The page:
When instruction begins in the fall, successful districts will focus on social-emotional learning (SEL) to allow students and staff to process emotions they experienced during the pandemic.
With stricter in-person guidelines and increased virtual learning expectations, teachers will need to ensure that students are adapting to the new rigors of the classroom.
Teachers must provide student opportunities to discuss and acknowledge their experiences during the pandemic in order to properly move forward.
Successful educators will focus on praising students for their resilience and flexibility that they have displayed over the school year.
As schools reopen in the fall, educators should also focus their efforts on student social-emotional learning (SEL), rather than limiting their focus on making up for learning loss. It is incontrovertible that many students are behind where they would have been had the year continued uninterrupted. However, districts that solely focus on catching students back up instead of allowing them to acknowledge the difficulties that this pandemic has brought, will only further the learning loss.
Shanna Sloyer-Martin, a school guidance counselor and mother of three, writes that SEL is as important as ever in her piece titled, Social-Emotional Learning is the Elephant in the Room: Three Challenges to Consider. The article was a part of the Finding Common Ground Blog Series on Education Week.
Shanna details how important it is for educators to “not ignore or minimize” their student’s mental health. Yet, as overall acumen around virtual learning has heightened, there will be higher expectations and standards for students to follow in both the new in-person and virtual classroom.
Increasing classroom standards and rigors for online learners
The in-person classroom will look considerably different than it was when school started a year ago. For those students who will attend a school in person, they will be asked to wear a mask, social distance, and stay in their classroom for the majority of the day.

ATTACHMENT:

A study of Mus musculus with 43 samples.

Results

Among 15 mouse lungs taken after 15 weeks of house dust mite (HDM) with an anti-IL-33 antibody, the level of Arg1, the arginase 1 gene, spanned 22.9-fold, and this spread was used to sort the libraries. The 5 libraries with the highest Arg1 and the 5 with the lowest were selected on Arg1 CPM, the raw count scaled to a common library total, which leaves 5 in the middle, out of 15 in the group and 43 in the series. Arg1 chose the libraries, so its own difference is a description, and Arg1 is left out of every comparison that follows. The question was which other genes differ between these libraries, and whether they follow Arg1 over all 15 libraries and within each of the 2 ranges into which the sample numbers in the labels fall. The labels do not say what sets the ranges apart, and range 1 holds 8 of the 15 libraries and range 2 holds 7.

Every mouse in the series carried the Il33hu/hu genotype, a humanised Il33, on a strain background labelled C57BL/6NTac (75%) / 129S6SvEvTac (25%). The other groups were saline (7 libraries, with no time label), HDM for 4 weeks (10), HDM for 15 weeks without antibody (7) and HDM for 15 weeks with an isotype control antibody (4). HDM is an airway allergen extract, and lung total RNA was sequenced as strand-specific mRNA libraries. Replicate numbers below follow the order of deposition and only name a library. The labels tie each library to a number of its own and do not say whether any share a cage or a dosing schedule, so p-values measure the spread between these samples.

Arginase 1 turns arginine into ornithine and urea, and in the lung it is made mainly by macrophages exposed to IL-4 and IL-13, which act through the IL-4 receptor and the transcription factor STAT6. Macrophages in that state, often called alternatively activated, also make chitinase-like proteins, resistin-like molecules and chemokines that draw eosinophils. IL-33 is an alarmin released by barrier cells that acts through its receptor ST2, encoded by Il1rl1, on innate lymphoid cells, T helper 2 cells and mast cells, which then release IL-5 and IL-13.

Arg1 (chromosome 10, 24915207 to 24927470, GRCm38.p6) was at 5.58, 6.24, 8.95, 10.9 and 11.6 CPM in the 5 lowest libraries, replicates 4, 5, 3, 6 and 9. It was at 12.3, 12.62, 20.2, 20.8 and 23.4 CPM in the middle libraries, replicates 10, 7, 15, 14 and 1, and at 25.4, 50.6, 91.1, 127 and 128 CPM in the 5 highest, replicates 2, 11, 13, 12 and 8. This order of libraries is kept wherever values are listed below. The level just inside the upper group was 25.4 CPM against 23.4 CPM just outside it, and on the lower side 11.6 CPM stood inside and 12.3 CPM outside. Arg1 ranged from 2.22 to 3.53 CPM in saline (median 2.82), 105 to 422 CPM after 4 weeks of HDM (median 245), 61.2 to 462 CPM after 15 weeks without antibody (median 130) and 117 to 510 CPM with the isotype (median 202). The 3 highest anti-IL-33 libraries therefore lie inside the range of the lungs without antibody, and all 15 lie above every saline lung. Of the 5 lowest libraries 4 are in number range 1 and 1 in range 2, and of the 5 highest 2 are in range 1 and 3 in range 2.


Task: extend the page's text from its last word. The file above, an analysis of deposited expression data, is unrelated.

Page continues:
In Shanna’s article, she confirms that educators should recognize that these details will be challenging for students. As students are inundated with extra burdens, educators must understand that their students are not immune to stress. Here are some challenges that should be examined to assure that students’ mental health is being acknowledged.
Providing targeted grief and loss counseling can support social-emotional learning
Shanna believes that grief counseling should be included in the SEL curriculum this year. Although we typically think of grief as the feeling that comes from the loss of a loved one, Shanna brings up the point that students are actually feeling the loss that comes with a lack of closure to their school year.
Students have missed out on important milestones that come from the culmination of a school year. They will also experience feelings of loss around what the new school year will be like. In order to move forward and accept the new reality of how school will feel, educators must accept that students will be feeling this grief for what once was.
Praising students for their resilience and flexibility
Shanna also discusses the need for positive reinforcement around students’ resilience and flexibility as part of the SEL curriculum. The ability to adapt to what life throws at you is ultimately a skill that we want our students to have in adulthood. Thus, discussing resilience and adaptability with them will teach them how to cope with what is currently happening and also give them a skill they can use later in life.
Reminding students that they are a member of a community
Even if students do not initially begin the school year in a live classroom, they still need to be reminded that they are part of a larger community. Sitting in front of a computer screen can lead to a feeling of isolation. In her article, Shanna is vehement about the idea that students need to feel connected to a broader community.
Educators will need to foster this idea by encouraging interactions between students outside of the classroom, even if that is in a virtual capacity. Other ideas that Shanna suggests are creating mentoring programs between older and younger students, enlisting students with pen pales from other schools, and most importantly, maintaining school traditions when possible.
An example of this would be playing the school fight song at the start of the class day or wearing school or class colors. Every member of the school will need to feel that they still are a part of a larger community that is in their corner.
Overall, schools that focus too quickly on remediation versus social-emotional learning will see that their students will continue to experience learning loss. Educators must acknowledge the hardships that their students have faced before allowing them to move on. Making students feel safe and comfortable will be a priority for districts. To do so, educators will need to positively reinforce the concepts of resilience and flexibility.
Ultimately, the spotlight on SEL may lead to a feeling of a slower start than in a typical school year. However, by building these positive routines early, students will be able to transition easier into a school year that will be like none other before it.
Like what you’re reading? Check out a recent article in this series about how COVID-19 has impacted students’ mental health.